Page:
What goes around comes around especially when it comes to the sun. Space weather experts predict a moderate G2 geomagnetic storm to erupt late tomorrow (Oct. 24th) afternoon and continue past midnight. The blast of high-speed particles from the sun marks at least the second go-round of a big coronal hole that served up several nights of northern lights in late September. Since the sun takes about four weeks to spin around once (on average), the persistent hole has returned, and it appears once again to be fully armed. Sometimes holes can persist for months, with the chance for auroras popping up about once every 28 days.
Coronal holes are large areas in the sun’s corona or atmosphere that aren’t under magnetic lockdown. Here, the sun’s magnetic field lines unfurl into outer space and carry away hordes of particles, moving at high speed, into the solar system. Earth’s in the bullseye, so keep an eye open for northern lights the next few nights with the best night being Tuesday. A moderate storm usually brings the aurora south from Canada to the northern and mid-section of the U.S. We’ll just have to wait and see.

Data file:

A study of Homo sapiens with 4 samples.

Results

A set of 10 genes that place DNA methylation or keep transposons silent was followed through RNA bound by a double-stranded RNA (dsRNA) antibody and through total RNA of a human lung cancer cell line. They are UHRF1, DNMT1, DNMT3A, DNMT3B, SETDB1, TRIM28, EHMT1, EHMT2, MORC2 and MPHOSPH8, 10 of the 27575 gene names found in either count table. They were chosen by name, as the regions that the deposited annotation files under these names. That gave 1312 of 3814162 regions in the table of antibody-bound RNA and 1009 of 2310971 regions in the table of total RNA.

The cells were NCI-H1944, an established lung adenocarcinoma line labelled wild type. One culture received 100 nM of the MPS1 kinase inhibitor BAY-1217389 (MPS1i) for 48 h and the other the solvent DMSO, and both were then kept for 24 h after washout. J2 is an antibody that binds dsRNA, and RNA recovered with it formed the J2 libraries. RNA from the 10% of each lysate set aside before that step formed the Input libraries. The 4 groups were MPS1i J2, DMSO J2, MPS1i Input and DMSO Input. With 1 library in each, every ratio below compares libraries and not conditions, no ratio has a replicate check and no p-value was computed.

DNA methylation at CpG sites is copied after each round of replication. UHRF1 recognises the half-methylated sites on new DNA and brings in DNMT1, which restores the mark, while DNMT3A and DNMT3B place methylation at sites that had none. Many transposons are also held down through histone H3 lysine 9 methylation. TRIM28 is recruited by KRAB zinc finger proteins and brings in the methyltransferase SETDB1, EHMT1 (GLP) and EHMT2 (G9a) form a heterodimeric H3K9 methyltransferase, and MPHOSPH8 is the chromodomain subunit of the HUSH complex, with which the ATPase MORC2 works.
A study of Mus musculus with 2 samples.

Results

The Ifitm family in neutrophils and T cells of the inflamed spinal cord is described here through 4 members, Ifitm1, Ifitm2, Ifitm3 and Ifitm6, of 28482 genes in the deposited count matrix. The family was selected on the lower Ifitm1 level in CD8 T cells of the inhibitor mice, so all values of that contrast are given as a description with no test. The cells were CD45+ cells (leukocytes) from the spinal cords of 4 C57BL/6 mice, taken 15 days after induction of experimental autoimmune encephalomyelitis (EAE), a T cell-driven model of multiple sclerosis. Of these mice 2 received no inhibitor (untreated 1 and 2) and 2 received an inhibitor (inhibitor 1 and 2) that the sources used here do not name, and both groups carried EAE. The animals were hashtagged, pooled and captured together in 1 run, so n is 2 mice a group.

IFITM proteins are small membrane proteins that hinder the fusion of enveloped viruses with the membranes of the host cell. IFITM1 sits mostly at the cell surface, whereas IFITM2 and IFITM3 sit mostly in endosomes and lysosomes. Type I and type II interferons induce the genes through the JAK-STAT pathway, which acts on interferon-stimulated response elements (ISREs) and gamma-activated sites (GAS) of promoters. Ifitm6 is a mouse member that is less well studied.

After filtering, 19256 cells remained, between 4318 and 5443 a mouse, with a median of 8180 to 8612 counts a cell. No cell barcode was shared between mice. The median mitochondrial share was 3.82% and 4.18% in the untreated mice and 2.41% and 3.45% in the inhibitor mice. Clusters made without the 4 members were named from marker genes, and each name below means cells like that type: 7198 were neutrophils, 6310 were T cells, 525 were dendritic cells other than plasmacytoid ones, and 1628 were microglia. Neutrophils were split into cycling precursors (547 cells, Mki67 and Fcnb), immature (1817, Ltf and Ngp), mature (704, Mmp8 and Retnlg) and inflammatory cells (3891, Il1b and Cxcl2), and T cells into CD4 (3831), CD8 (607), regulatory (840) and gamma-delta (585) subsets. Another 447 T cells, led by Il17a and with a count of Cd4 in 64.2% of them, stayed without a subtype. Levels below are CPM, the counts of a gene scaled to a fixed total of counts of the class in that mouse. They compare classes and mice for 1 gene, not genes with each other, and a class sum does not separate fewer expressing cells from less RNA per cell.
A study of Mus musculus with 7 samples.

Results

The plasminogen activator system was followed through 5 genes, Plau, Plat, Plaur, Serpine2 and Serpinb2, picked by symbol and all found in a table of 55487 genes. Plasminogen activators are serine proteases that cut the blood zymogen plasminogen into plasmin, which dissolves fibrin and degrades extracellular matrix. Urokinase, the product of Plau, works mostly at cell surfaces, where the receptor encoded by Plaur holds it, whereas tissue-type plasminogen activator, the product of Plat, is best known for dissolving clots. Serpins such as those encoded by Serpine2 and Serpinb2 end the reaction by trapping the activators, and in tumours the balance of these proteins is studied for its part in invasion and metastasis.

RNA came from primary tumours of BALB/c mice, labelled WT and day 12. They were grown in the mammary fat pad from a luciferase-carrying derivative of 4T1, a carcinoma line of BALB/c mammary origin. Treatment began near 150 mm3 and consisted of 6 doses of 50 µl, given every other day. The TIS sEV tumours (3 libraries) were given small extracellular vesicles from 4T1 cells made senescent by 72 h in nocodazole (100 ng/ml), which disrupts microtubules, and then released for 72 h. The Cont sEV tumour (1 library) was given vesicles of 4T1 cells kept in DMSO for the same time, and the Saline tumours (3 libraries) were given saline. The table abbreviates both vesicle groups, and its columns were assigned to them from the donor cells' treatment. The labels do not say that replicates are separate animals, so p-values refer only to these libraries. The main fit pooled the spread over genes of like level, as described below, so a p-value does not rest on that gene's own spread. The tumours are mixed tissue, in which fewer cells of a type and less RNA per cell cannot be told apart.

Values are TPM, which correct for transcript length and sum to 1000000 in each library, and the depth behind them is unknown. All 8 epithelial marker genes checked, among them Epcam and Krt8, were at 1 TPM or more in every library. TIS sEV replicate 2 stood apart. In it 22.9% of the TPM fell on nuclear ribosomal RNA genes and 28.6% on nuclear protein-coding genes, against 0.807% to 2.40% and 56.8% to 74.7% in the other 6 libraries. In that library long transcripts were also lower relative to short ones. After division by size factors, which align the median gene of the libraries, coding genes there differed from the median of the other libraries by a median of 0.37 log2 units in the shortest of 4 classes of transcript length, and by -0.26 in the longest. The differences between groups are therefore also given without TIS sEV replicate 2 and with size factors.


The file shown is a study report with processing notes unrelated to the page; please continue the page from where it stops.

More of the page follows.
To find a place near your city with dark skies to the north, check out this Light Pollution Map. It’s coupled with Google Maps and color-coded, so you can better pinpoint dark skies. Don’t worry about darkness to the south. North’s what you’re looking for. Good luck!
If skies are clear tonight at your place, watch for the moon and Saturn about an hour after sunset at dusk low in the southwestern sky. Saturn shines just 7° to the left or east of the moon. They’ll be a little closer tomorrow evening with Saturn to the right of the moon.